Adverse Events: Adverse events are rare, but potentially serious because they affect vital organs like liver, lungs or bone marrow. Regular blood tests allow physicians to detect adverse events early before they become a serious problem or cause any damage.
Autoimmune Diseases: When the body's immune system reacts against itself, it causes inflammation in the tissues. Sometimes this can cause damage. In rheumatoid arthritis, this occurs in the joints and other organs, like the heart, lungs, skins, eyes and nerves.
Biologic Medications: A new category of DMARDs based on the use of biological compounds that are either naturally occurring or have been modified or bioengineered. Examples are the anti-TNF alpha drugs.
Disease Activity: Disease activity in RA refers to the level of inflammation that a person has in his or her body. Some people with RA experience very mild disease activity while others have disease activity that is more severe. There are a number of different kinds of blood tests that measure inflammation or the rheumatologist can physically examine your body by doing a swollen joint count.
DMARD (Disease-Modifying Anti-Rheumatic Drug): DMARDs are slower-acting medications that are designed to slow the progression of rheumatoid arthritis. They reduce inflammation and decrease pain, and slow down joint damage.
ESR (Erythrocyte Sedimentation Rate): ESR is a blood test that is used to determine the level of inflammation in a person's body.
Inflammation: The body's response to tissue injury or foreign substances. An inflamed joint looks swollen and red, and feels warm when touched. Inflammation is also what causes the joint to be painful.
Methotrexate: Methotrexate is one of the most common DMARDs used to treat rheumatoid arthritis. It takes 4 to 6 weeks of using Methotrexate to take effect.
NSAID (Non-Steroidal Anti-Inflammatory Drug): NSAIDs or anti-inflammatory drugs help to reduce inflammation and decrease pain. NSAIDs do not treat the actual disease and they do not stop joint damage caused by rheumatoid arthritis. They include aspirin, ibuprofen, naproxen, and Cox-2 inhibitors.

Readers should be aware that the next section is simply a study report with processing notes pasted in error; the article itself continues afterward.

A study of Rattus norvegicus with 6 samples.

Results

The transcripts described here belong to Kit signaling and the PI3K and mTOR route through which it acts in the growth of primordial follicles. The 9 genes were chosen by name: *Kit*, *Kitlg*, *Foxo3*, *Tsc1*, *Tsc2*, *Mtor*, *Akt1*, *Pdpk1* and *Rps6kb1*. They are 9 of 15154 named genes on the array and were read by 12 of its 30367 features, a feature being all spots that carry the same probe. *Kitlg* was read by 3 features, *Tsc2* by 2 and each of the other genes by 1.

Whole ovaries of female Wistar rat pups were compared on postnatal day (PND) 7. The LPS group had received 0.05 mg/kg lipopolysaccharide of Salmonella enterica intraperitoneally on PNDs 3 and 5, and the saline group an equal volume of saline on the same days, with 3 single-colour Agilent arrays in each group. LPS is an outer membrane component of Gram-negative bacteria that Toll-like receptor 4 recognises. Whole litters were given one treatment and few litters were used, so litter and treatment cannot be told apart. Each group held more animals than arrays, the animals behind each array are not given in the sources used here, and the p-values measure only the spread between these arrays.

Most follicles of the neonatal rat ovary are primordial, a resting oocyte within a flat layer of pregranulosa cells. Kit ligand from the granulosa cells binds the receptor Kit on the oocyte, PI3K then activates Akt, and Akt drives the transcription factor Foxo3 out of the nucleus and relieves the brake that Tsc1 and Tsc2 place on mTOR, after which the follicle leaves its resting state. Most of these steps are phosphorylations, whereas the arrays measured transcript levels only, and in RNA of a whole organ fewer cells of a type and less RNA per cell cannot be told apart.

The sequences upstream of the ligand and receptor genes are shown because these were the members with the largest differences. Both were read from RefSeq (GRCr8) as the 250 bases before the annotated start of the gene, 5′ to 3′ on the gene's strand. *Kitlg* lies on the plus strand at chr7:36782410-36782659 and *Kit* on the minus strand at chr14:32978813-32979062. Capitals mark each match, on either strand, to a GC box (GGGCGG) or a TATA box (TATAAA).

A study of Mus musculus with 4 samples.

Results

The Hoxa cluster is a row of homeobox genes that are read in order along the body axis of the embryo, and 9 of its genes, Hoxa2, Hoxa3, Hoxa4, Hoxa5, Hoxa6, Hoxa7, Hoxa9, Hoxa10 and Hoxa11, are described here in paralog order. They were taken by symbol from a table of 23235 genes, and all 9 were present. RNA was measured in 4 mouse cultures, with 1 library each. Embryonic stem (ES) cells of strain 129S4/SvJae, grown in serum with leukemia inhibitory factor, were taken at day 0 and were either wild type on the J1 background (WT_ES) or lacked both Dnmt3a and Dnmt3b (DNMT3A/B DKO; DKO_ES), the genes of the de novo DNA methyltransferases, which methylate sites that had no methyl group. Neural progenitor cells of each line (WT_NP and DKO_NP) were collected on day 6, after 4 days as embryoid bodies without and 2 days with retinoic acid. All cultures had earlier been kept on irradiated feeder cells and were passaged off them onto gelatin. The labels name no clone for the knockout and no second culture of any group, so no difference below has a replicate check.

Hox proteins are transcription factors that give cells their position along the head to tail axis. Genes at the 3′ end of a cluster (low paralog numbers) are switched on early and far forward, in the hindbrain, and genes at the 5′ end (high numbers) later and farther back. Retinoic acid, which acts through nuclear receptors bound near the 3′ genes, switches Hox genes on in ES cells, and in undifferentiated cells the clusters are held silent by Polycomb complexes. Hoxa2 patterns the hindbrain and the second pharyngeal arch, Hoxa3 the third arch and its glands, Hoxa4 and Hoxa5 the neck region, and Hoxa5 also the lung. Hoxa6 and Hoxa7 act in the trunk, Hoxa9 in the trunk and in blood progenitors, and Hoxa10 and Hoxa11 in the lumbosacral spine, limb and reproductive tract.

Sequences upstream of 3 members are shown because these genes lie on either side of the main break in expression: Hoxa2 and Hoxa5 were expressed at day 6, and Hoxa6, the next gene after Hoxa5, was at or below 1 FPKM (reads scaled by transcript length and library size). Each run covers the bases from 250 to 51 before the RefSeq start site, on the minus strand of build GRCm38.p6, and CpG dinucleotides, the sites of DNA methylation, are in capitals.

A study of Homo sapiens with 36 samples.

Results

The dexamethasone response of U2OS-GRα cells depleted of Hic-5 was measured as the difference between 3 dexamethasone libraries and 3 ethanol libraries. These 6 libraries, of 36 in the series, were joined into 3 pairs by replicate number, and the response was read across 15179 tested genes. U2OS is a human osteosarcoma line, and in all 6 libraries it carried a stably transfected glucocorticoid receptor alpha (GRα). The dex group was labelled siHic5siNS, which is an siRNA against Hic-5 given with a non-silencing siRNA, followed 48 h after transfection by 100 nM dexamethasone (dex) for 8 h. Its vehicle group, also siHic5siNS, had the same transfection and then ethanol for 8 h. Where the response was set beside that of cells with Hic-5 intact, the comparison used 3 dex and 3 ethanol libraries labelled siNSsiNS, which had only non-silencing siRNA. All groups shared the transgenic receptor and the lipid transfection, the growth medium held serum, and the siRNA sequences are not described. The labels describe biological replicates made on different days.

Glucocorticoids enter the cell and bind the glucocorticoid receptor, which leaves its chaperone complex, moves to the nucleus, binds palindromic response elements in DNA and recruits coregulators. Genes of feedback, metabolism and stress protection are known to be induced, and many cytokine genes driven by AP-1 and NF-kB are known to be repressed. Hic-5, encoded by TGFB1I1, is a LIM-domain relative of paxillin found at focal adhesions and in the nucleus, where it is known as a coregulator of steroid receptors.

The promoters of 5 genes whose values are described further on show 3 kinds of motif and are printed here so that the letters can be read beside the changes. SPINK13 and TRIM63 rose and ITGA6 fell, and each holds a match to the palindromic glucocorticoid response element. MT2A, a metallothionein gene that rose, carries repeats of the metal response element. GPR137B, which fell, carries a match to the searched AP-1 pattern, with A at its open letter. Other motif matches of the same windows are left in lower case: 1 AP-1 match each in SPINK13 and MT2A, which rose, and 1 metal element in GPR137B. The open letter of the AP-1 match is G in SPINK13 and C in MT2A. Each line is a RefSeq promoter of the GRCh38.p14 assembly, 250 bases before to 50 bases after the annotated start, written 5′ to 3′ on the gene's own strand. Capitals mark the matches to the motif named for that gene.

Physical Function: Physical function is a person's ability to perform daily activities. Arthritis can affect physical functioning, as pain and stiffness can make it difficult to carry out activities related to self-care (e.g., dressing) and other everyday activities (e.g., house work, gardening, sports and recreational activities, and paid employment).
Placebo: A sham treatment. If the treatment is a tablet or capsule it will contain no active ingredient. The best placebos are identical to the real drug in all but their active ingredients and help to maintain blinding of subjects in single blind trials or blinding of both subjects and investigator in double blind trials. Placebos are used to help separate the real effect of the active ingredient from any benefit that the subject may experience by chance or purely by the action of taking tablets and the belief that it will help treat or cure a health condition.
Rheumatoid Arthritis (RA): An autoimmune disease. While it more commonly affects people between the ages of 25 and 50, RA can affect people at any age. It is also more common in women.
Remission: Remission is when a person has no clinical signs of the RA. The American College of Rheumatology defines remission as:
Morning stiffness of no more than 15 minutes
No joint pain
No joint tenderness or pain on motion
No soft tissue swelling
Erythrocyte sedimentation rate (ESR) of less than 30 in women and less than 20 in men
Side Effects: The side effects of a medication are unwanted or undesirable problems that can occur in addition to any benefits that the medication may have.